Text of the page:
To be successful, every organization, church, or business needs a clearly defined mission and vision. (Tweet this) Without defined goals, processes, and systems, nothing can be measured or evaluated. No progress can be made.
The challenge for leaders young and old is not understanding the power and importance of these two vital identity components. The challenge is understanding their basic function and how they relate to each other.
I often see churches that have two mission statements, but no vision. This is so common it’s actually the norm. Churches have catchy, clever, and carefully crafted slogans that they call a vision but that represent little meaning to the actual operational direction. As I train our team at First Christian Church Student Ministry, and as I coach other leaders to develop and implement strategic vision within their organization, I explain these concepts in a simple, clear way. Here’s what it looks like:
STEP ONE: IDENTIFY YOUR CURRENT POSITION
Before you can identify a calling or craft a mission, vision or strategy, you have to have a clear understanding of where you are. This is difficult because it requires brutal honesty. Leaders must pursue truthful feedback from members of their organization, because as leaders our perception is often a skewed or biased version of reality. We have to seek real answers to serious questions about our identity and direction. Once we’ve identified our position, we can begin to pursue mission.
STEP TWO: IDENTIFY WHERE YOU WANT TO BE
Mission is the concept of where we want to be. If this process was a roadtrip, mission would be your destination. For different kinds of organizations, the process of identifying our mission will be very different. For a church, it might have to do with what kind of impact you want to make in your community or a felt need or specific demographic you feel God calling you to meet or reach out to. For a water charity, it might be to bring clean water to poverty-stricken villages in a particular country. For a business, it might be to impact your community or culture by offering your product or service to your clients in order to change or improve their lives.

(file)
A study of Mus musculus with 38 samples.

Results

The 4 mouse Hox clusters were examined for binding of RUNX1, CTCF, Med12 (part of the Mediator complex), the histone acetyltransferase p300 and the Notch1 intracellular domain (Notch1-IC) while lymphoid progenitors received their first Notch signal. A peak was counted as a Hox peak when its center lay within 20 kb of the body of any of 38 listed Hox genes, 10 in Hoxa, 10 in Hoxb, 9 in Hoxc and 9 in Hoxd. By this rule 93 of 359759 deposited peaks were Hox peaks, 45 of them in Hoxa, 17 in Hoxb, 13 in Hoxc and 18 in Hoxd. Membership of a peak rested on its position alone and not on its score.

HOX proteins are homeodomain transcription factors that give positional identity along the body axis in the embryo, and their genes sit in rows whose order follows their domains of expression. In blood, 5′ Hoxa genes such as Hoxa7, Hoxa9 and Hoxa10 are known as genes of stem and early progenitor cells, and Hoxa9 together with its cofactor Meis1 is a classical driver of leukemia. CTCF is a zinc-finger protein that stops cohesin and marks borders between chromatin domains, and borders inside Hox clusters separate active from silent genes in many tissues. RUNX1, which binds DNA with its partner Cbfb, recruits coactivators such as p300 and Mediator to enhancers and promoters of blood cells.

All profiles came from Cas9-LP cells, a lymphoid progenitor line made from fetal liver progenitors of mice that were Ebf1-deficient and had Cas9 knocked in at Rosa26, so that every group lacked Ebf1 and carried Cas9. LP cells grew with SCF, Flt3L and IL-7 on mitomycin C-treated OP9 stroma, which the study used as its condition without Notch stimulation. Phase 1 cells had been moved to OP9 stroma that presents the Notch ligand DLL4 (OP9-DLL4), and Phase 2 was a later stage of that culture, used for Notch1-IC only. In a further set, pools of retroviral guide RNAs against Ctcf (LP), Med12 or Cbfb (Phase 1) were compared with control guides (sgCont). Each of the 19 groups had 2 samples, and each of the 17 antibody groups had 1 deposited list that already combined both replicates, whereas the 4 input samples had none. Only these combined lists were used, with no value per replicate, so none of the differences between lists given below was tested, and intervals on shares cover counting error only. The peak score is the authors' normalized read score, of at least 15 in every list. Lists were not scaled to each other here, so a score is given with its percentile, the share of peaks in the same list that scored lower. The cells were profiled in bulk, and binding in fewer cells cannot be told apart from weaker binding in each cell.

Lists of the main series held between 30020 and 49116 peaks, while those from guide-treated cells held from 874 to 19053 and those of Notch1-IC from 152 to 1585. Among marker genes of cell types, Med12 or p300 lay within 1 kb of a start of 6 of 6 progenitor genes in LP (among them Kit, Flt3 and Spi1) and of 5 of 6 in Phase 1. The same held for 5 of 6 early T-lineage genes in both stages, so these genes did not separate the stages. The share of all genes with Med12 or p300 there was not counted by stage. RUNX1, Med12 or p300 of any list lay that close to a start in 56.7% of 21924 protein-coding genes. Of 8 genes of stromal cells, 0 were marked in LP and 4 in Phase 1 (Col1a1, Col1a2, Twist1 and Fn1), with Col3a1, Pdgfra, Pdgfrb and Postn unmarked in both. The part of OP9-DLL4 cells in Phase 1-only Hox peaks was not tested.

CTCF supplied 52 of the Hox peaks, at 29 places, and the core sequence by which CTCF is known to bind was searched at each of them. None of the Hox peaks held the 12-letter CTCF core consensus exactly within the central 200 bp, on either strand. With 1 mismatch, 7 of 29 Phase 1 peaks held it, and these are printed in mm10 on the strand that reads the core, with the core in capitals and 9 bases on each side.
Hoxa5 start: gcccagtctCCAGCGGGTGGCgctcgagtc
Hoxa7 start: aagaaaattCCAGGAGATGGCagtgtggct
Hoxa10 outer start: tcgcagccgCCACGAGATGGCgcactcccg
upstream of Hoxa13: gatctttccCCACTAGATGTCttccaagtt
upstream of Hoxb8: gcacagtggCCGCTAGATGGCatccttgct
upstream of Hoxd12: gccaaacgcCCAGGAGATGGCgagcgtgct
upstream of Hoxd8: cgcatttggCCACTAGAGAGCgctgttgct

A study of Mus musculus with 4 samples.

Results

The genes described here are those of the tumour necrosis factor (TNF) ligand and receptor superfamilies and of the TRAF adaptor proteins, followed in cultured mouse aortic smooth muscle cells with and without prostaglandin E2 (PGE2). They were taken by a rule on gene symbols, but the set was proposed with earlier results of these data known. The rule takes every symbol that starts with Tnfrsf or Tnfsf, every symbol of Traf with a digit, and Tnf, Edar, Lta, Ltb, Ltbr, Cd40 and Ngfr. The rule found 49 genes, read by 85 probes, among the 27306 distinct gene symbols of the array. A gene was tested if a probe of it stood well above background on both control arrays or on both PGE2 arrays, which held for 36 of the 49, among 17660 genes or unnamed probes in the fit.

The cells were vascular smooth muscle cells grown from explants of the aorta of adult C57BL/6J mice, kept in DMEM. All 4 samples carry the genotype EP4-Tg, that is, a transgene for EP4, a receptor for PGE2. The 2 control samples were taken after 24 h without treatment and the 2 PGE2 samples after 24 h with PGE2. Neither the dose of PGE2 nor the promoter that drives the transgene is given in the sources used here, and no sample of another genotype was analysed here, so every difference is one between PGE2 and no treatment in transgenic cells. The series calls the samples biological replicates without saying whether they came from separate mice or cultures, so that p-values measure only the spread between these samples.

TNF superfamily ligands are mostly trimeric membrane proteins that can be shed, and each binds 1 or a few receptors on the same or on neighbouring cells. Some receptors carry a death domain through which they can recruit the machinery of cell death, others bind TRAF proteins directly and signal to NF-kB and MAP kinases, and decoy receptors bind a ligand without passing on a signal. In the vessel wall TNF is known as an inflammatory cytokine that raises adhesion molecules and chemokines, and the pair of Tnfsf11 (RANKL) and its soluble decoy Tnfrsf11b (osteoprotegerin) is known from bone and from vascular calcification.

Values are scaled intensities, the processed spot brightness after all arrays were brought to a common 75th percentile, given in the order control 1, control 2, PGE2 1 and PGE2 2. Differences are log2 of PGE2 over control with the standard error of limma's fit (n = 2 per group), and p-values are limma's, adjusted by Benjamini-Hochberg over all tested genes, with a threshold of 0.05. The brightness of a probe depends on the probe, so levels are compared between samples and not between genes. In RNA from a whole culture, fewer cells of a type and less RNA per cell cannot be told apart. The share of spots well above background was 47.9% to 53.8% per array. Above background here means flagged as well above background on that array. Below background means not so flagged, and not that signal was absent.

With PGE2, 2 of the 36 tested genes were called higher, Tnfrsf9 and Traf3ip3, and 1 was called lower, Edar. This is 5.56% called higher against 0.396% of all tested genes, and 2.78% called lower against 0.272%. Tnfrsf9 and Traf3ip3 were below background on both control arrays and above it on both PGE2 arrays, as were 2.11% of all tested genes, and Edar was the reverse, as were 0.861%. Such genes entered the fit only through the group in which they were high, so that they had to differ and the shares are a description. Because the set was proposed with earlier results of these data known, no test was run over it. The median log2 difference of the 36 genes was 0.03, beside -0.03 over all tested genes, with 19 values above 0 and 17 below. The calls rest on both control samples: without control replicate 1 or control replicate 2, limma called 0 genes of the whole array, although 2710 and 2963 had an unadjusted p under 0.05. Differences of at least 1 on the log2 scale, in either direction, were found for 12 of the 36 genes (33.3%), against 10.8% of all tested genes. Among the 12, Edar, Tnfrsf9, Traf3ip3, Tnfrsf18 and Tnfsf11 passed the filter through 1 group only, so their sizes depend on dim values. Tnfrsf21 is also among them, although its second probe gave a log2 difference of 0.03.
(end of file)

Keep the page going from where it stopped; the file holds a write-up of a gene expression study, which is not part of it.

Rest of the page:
Identifying mission should always be a process. It’s not something you can sit down in a room and figure out in an afternoon. It should take careful thought, consideration, evaluation, and even prayer. Tough questions should be asked and honest feedback should be considered. This should not be done by one person, but a carefully selected team who understand the organization and the current position you’re in. (Sidenote: Jim Collins speaks well to this in his book, Good to Great. For a summary, check out this article on his website…just scroll down to the heading, “Disciplined People: ‘Who’ Before ‘What'”) Get this team together, and spend significant time pursuing the answer to the question of your ultimate direction, which is your mission.
Once you know where you’re headed, you can talk vision.
STEP THREE: IDENTIFY YOUR PLAN OF ACTION
Your vision is your articulated plan for how you’ll get where you want to go. If mission is your destination, vision is your roadmap. A healthy and successful vision should explain the steps you’ll collectively take in order to accomplish your mission. It should be spelled out in such a way that it’s easily understandable and attainable to every member of your organization. Every individual should be able to hear your vision and quickly identify how they can unite with you, rally around your mission, and be a part of moving your organization forward.
One of the best examples I’ve seen of an organization that nailed this is Granger Community Church. They launched their 2016 vision campaign, called “Raising the Bar,” a couple of years ago. They communicated their vision to their people in a number of ways, one of which was a PDF document that clearly explained their vision in three key areas that were an acrostic for the word “BAR”: (1) Be the Church, (2) Active the Campus, (3) Reproduce at Every Level. Each of those three areas had specific, articulated goals so that every person could find their area of involvement according to their talents, abilities and passions.
Vision should equip the members of your team and organization to unite and rally together to accomplish your mission. (Tweet this) It should lend itself to a clearly defined “win” so that people can see tangible progress as you move forward together.
No matter what kind of organization you lead or are a part of, understanding these concepts is absolutely vital to long-term success and sustainability. How does your mission and vision contribute to the health and vitality of your organization? What do you need to do to grow in these areas? The answers to these questions can be life-changing.
I would love to hear from you. How do you define mission and vision? What are your thoughts on this subject? Share your wisdom and experience with me and with others.